The Zen Master and the Samurai

July 10, 2021 Cognitive Insights No Comments

A story from ancient Japan.

A samurai approaches a Zen master

with the question: “Your honor, people say that you are amongst the most enlightened masters currently alive. I came to you, especially from the other side of the country. Could you, please, give me some clarification about a question that has kept nagging me for years?

My question is:

What are heaven and hell?”

The Zen master immediately shouts out something like: ”Get lost, you fool, and do no longer bother me with stupid questions you do not understand yourself!”

The samurai loses control, draws his sword, and calls out: “You old, shameless, wrinkled bone-bag, I will pierce you with my sword!”

“Well then,’ the Zen master replies calmly, “what you show me now is hell.”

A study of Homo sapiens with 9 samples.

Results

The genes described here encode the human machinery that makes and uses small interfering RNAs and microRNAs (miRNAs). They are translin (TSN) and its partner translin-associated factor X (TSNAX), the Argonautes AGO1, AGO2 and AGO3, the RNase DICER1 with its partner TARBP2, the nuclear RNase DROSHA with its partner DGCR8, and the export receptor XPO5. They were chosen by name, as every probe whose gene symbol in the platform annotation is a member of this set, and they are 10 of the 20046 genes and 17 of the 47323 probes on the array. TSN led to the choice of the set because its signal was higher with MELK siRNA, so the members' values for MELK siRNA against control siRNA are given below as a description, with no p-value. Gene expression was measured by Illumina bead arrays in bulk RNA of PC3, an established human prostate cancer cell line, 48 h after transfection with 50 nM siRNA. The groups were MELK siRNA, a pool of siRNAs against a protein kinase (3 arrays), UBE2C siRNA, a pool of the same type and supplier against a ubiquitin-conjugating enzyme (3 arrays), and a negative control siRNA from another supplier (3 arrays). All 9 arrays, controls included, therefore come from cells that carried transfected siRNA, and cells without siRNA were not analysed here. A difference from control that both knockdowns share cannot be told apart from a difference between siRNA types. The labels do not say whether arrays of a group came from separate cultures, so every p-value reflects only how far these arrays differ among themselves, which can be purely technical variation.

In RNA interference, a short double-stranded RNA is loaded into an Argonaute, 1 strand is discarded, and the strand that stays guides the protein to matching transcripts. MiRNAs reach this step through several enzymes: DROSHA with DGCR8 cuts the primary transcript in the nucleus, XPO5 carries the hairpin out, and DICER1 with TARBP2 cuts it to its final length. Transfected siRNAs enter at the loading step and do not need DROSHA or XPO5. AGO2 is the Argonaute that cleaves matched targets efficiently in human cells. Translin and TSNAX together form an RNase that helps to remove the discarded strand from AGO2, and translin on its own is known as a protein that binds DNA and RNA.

Just in time, the samurai gets a grip on himself. He sheets his sword and makes a deep bow.

“And this,” the Zen master continues, “is heaven.”

The samurai bows even deeper and is enlightened.

Why does the samurai calm down, and does he thank the Zen master?

Is it because the Zen master shows his emotion to the samurai ― i.e., great anger?

Suppose the Zen master would have replied: “You fool, why do you need to get so angry over such a little matter?” The samurai would soon have taken decisive action.


by replying very adequately and thoughtfully to his question.

The Zen master also shows enormous courage, so he speaks the language of the samurai. Again: attention, respect. Besides, when you look carefully, you will see that the Zen master, in his first answer, was already speaking the language of the samurai.

As a result, the samurai listens to him, which is, of course, the purpose of the Zen master. Had he given an elaborate response to the samurai, the latter wouldn’t have listened anyhow.

The samurai feels the respect and the value of the insight in the question about heaven and hell. Namely: heaven and hell are not to be sought elsewhere but in the here and now.

So take care of the here and now.

The Samurai receives a big gift from the Zen master, acknowledges it, and reacts fittingly.